Hyuuga Neji counted it as fifteen days between the expected return date of his sister-in-law’ shinobi team and today. There are, of course, any number of other Hyuuga on active duty. Two genins on their first overnight assignments, a second cousin who had taken an ANBU scroll with him to the missions office yesterday, a newly minted jounin-sensei who’s growing bored with D-missions, but is unwilling to ask for anything else with a rookie team still so unready. He could list more.

But he doesn’t bother going over names in his head. In fact, his entire journey across the compound, from the outside gate, where the cage lays shattered, to his destination, he tries not think at all. His suspicion is hardening into a surety he cannot displace, a stone dropped into his stomach, grinding up flesh.

Eighteen months ago had been Hanabi’s infamous sealing ceremony, and two months ago Hinata’s sister had been right where he is now, in their private rooms. Unlike him, she had been screaming profanities at his wife, their clan head, and Neji had wondered then at their family and this discontentedness that did not stop.

He doesn’t push down the thought though: in some ways, hadn’t this been inevitable?


“Hinata-sama, I’m coming in.”

He stares at the door, and there is no answer. Hardly a noise inside at all, but he reaches for the shoji screen.

She is sitting on the floor, wedged between the wall and the tub. Her feet are bare against the tile and her face is in her hands. Pressed between hand and forehead is the standard letter the Hokage Tower sends to a family when something of this nature occurs.

“-Would l-like to be alone, p-please.”

The words are almost not there, she chokes on them so much. The heels of her hands are press so tight up against her eyes, he cannot tell if she is crying. The voice too gives nothing away. He chooses to disregard the order, a rare move for him. Instead, his hands reach out for the sink, to brace himself as he lowers to the ground beside her.

“I said,” her voice cracks, hoarse. “T-that I want to be alone.”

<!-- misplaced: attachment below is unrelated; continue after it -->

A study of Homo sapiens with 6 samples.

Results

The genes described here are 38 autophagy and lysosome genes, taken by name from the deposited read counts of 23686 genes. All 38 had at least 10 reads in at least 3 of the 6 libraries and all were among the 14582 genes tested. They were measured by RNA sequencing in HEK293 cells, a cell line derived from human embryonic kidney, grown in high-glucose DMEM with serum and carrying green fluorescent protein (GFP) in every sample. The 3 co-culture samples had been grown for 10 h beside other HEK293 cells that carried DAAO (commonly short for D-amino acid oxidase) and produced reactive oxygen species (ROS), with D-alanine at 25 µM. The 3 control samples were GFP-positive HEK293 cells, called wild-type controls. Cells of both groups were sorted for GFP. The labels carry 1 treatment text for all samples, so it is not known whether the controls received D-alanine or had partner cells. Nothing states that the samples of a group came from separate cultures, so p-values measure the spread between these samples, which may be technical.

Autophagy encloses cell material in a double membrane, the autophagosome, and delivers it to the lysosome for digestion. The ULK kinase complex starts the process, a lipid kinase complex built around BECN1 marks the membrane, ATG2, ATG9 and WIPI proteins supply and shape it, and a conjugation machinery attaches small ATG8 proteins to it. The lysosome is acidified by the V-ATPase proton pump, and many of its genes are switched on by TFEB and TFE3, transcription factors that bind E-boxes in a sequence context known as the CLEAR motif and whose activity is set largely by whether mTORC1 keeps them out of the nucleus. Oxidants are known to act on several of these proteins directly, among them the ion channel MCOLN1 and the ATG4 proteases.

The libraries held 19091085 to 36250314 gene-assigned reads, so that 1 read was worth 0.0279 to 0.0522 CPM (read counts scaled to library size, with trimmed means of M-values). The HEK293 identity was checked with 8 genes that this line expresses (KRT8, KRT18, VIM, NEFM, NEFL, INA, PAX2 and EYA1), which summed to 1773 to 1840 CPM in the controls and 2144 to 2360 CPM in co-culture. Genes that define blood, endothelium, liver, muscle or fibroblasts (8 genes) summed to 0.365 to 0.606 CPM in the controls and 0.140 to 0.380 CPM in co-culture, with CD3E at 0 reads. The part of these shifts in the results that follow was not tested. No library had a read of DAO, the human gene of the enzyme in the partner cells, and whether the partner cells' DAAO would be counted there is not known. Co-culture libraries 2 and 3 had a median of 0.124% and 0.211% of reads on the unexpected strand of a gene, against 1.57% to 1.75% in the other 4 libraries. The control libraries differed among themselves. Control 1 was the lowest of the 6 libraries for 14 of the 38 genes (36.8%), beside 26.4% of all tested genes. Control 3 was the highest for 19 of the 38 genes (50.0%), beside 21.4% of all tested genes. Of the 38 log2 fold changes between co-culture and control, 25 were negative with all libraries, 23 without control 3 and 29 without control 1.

His knees knock the exposed piping beneath their sink, and he almost chokes of guilt himself, for loving her the most for the one action that has brought them here, to this grief.

The weeks following their wedding and her subsequent rise to Clan Head had been stressful, and he’d found her some nights like he’d found her today, huddled up small in a corner of the bathroom. But there had never been tears over her fights with the Clan Council, and in the end, she’d won their biggest fight. When they had refused, flat out, to allow Hanabi, second daughter of the Main House, to remain unsealed though she was now, finally, officially a member of a Branch House, Hinata had prepared for the ceremony without any further complaint. The incense had been burned and their prayers said and it was only at the last moment that Hinata’s childhood stubbornness had given way to show itself as true steel. With her sister kneeling, a supplicant before her, Hinata’s hands had twitched, and, instead of moving in the series of hand-signs to make the seal, they had reached forward and grabbed Hanabi’s head between them. Holding her sister’s face, Hinata had leaned down and kissed that blank forehead and smoothed that Hyuuga-black hair. Then she had reached up, heavy kimono sleeves sliding down thin arms, asking for silence. She had told them there would be no more seals burnt onto single Hyuuga head.

It is for this reason, as much as for anything else, he does not leave. It is what she, the powerful Clan Head, wants- a moment to be merely Hinata, to just be and bear a true face to grief. But he had said he would be her partner and her support on the day he married her, and he will carry her through. Even now, as they sit and the clocks stop their movement for her, others are seeing the evidence of the messenger bird’s escape, are divining what it means. They need their Clan Head. They need her and need her to tell them they were not wrong for wanting a greater freedom for their children. They need her to tell them that this will not happen to them and theirs though it can and will and already has. A Branch member is dead. Hanabi, a mouthy, clever, pretty, proud girl Neji had hardly ever noticed except when she bugged him for extra practice match is dead.

“Its not your fault.”

“M-my orders, m-my f-“

He moves his hand very slowly around hers, very gingerly, not to startle or surprise.

“Hanabi wanted that mission.”

“But I was the one w-who-“

“Had a reckless sister who liked to take chances, who wanted to prove herself to ANBU, who-“

“E-enough, Neji.” Hinata pulls her hand from his, fingers sliding against his palm.

He grabs her then, tells, over and over, in murmuring tones, that this isn’t her fault, that she couldn’t have known, that Hanabi was careless and cocky and always too sure, that Hanabi wouldn’t want this- Hinata crying on the floor, that she had wanted the mission, no, sweetheart, this is not to lay at you feet, that its not politics, and that always, always, no matter what, she made the right choice.

Neji hates to lie, especially to his wife, and especially about this. But he wants to make it easy for her. Easy to grieve, easy to love the sister who had been so difficult to love, easy to lead without realizing that opening the door to a cage means something might be destroyed along the way.

Are there ever any completely right choices? Are there ever any paths completely free along the way?

“No,” he says as he rocks her, scrunched as they are on the narrow floor, “Not your fault, never yours, sweetheart. Never yours. Not you, Not you.”